Boris Johnson apologises for uncertainty caused by civil service jobs cuts

PM insists investment in skills will lead to better opportunities for officials in future
Boris Johnson. Screengrab: Parliament TV

By Jim Dunton

31 May 2022

Prime minister Boris Johnson has sent a personal message to the nation’s 470,000 civil servants, apologising for the turmoil that the government’s plans to shrink departmental headcount by 20% will cause.

In a letter to staff ahead of the Platinum Jubilee bank holiday weekend, Johnson said he believed there was no alternative to the headcount reduction, but spoke of his belief that new and better opportunities would result from ministers’ long-term ambitions for the civil service.

“I know that this will cause concern and uncertainty and I am sorry for that,” the prime minister said of the proposed 91,000 job cuts – announced via the Daily Mail earlier this month.

“It is why I want us to complete this work swiftly and to provide every possible support to anyone affected by the changes that follow.”

 “Even with these changes, we are retaining a very substantial civil service – as we had in 2016 – and we are taking forward an exciting programme of modernisation that will create better jobs,” the prime minister said.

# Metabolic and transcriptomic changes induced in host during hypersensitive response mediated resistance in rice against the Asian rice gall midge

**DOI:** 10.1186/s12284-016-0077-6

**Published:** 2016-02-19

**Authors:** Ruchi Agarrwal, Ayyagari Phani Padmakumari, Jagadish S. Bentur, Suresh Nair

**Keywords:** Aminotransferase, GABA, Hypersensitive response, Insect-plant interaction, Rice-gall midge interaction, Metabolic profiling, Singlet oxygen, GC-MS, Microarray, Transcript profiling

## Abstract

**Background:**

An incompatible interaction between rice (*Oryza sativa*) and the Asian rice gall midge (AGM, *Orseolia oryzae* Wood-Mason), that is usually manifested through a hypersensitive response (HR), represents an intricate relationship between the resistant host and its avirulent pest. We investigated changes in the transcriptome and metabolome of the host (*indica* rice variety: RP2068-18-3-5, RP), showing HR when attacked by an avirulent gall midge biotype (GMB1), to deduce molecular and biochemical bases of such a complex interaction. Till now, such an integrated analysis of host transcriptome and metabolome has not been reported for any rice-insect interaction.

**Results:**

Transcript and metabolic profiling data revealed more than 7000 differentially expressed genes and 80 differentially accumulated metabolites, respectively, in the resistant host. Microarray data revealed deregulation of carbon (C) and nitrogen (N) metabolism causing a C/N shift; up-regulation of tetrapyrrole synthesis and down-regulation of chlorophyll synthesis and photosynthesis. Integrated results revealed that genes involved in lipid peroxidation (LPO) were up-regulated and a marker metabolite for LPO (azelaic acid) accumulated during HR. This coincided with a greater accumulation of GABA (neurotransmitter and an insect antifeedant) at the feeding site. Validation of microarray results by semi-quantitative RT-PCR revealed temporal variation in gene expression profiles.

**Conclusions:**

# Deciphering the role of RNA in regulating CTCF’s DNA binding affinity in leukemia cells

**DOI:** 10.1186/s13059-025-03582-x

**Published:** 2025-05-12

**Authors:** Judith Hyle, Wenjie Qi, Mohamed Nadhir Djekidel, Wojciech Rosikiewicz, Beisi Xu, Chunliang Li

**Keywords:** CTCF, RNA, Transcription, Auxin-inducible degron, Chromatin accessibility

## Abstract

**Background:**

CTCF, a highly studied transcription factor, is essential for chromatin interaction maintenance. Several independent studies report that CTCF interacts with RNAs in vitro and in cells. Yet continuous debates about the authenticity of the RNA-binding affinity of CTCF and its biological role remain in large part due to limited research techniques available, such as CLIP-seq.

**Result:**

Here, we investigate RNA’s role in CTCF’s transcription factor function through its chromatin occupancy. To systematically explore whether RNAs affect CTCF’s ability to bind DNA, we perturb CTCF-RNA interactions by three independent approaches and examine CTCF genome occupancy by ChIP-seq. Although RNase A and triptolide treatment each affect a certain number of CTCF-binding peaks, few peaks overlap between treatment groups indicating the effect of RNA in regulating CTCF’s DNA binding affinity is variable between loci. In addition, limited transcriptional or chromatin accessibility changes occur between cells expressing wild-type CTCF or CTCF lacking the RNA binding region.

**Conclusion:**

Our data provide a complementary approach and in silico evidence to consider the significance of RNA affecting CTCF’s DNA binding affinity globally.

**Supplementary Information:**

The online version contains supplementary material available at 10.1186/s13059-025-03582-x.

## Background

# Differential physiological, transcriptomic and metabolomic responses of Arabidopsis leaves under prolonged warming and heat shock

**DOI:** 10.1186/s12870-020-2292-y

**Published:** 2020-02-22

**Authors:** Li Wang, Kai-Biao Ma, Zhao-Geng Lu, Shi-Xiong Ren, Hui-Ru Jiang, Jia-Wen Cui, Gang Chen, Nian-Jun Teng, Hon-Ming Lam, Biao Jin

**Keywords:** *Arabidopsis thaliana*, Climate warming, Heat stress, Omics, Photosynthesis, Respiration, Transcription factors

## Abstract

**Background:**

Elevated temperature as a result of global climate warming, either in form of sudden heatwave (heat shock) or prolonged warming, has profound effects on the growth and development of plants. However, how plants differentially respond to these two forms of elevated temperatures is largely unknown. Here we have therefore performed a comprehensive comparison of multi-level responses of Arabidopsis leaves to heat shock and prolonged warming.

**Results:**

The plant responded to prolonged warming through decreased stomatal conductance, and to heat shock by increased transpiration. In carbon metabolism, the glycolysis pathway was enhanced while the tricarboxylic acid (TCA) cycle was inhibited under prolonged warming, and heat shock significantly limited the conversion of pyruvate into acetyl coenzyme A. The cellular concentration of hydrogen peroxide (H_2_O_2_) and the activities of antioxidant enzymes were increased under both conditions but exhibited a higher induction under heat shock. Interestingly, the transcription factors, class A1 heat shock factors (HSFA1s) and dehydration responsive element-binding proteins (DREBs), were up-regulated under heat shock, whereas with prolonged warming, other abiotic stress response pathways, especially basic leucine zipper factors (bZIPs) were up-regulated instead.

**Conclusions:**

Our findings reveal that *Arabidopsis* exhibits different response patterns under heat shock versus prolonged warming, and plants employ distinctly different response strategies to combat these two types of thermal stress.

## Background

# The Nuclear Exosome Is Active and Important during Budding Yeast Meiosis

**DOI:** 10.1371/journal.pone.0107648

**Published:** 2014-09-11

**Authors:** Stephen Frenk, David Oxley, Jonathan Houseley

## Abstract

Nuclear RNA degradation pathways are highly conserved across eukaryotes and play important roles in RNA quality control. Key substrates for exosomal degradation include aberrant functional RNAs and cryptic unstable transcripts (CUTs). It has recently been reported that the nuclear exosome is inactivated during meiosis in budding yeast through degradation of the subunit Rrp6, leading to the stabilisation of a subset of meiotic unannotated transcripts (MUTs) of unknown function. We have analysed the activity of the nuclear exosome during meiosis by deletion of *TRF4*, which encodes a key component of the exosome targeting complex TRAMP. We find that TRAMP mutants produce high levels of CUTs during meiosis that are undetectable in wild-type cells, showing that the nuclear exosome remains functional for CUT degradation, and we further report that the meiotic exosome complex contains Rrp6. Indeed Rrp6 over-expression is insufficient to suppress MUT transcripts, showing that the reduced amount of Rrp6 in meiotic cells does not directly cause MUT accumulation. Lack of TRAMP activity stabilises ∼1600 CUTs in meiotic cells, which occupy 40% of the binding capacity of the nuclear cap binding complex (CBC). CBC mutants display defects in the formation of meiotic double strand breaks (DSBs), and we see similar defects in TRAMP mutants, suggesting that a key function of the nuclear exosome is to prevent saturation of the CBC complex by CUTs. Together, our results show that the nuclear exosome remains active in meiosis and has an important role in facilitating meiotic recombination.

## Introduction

“This includes investing in the skills you'll need for the future, with new training and better access to technology, and opening up more opportunities outside London, closer to the people we serve.

“I know the period of change ahead will not be easy, but I am confident it is the right way to take forward the civil service that we all cherish, delivering the greatest possible value for the taxpayer and ensuring it remains fit to meet the challenges of the future as it has been in the past.”

The letter explained the need to reduce headcounts by saying: "We must ensure the cost of government is no greater than absolutely necessary to deliver for the people we serve. And as many families and businesses now look at how to reduce their costs in a period of higher global inflation, it is right that we do the same.”

One official, speaking anonymously to CSW, described the letter as tone deaf in it's reference to families reducing their costs with "no comment at all" on what job cuts would mean for civil servants and "their [own] battle with the cost of living."

Mark Serwotka,  general secretary of PCS – the civil service’s biggest union,said the government was able to find millions of pounds of taxpayers’ money for its millionaire friends or to buy Champagne for Downing Street parties but never for its staff.   

“The prime minister thanks civil servants in one sentence, tells them their jobs are at risk in the next," Serwotka said of the letter. “He is a disgrace and we call on him to stand down immediately for the good of the country.  

“His plans to cut 91,000 civil service jobs must be abandoned and extra staff recruited as soon as possible to help deliver the vital services relied upon by so many.” 

Departmental permanent secretaries and their secretaries of state have been given until the end of next month to submit their proposals for delivering on the 91,000 headcount-reduction target.

Cabinet Office minister Steve Barclay and chancellor Rishi Sunak said this week that department-level figures for staff reductions should be agreed by the autumn.